Conservation News

National Park Service Wants to Expand Public Access to Closed-Off Land

Until January 4, the agency is taking nominations for land to add to its priority list.

Public land isn’t much use to the public if it’s impossible to reach. Yet across the western United States, almost 10 million acres are inaccessible behind private landholdings. The National Park Service is working to change that, thanks to a new law that requires it and other management agencies to identify new opportunities for recreation by developing a priority list of restricted lands under their control and working to open them up. 

The John D. Dingell Jr. Conservation, Management, and Recreation Act took effect on March 12, and through January 4, the National Park Service will be taking the public’s suggestions for parcels to prioritize. According to a Dec. 4 press release from the NPS: “Nominated lands must meet the following requirements and considerations:

• Must be managed by the NPS.

• Must be at least 640 contiguous acres.

• Must have significantly restricted or no public access.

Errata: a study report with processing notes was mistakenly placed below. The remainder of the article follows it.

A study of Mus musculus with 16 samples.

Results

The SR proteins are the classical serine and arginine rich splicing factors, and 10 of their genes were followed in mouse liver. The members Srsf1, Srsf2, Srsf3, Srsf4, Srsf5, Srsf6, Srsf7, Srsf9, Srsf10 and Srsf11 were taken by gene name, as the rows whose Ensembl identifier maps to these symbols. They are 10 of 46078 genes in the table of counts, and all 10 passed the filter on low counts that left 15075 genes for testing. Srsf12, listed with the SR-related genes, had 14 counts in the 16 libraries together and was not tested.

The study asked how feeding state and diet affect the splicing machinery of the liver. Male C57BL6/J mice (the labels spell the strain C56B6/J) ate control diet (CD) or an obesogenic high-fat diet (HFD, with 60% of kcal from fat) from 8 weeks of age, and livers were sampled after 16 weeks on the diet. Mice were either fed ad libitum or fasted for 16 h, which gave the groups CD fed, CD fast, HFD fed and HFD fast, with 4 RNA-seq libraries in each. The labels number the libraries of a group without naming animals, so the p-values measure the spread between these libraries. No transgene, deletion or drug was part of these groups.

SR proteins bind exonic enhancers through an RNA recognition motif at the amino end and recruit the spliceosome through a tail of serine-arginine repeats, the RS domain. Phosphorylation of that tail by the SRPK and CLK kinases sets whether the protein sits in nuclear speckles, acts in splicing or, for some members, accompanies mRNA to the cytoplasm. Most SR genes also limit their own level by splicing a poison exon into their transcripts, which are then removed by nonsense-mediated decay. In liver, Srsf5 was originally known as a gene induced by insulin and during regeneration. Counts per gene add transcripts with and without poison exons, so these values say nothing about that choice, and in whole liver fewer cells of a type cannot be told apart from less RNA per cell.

• Potential for public access and the likelihood of resolving the absence of, or restriction to public access, are among other criteria for consideration.

For example, if a parcel of NPS land of qualifying size is surrounded by privately-owned land, NPS may consider working to acquire land or easements to provide public access

To send a recommendation to NPS regarding the Dingell Act, visit the NPS website comment section. In your comment, make sure to include the location of the parcel, its total acreage, and a description of the parcel’s restricted or non-existent access. You can also include any additional information that NPS should consider when building its priority list.

The comment period closes on January 4, 2020 at 11:59 PM Mountain Time, at which point NPS will begin its evaluation process. The final priority list will be posted by March 12, 2020, and updated every other year for 10 years.

In addition to directing the park service to open up restricted lands, the law established a number of new national monuments, permanently reauthorized the Land and Water Conservation Fund, and provided for almost half a million acres of BLM land to be transferred to Alaska Native veterans and their heirs.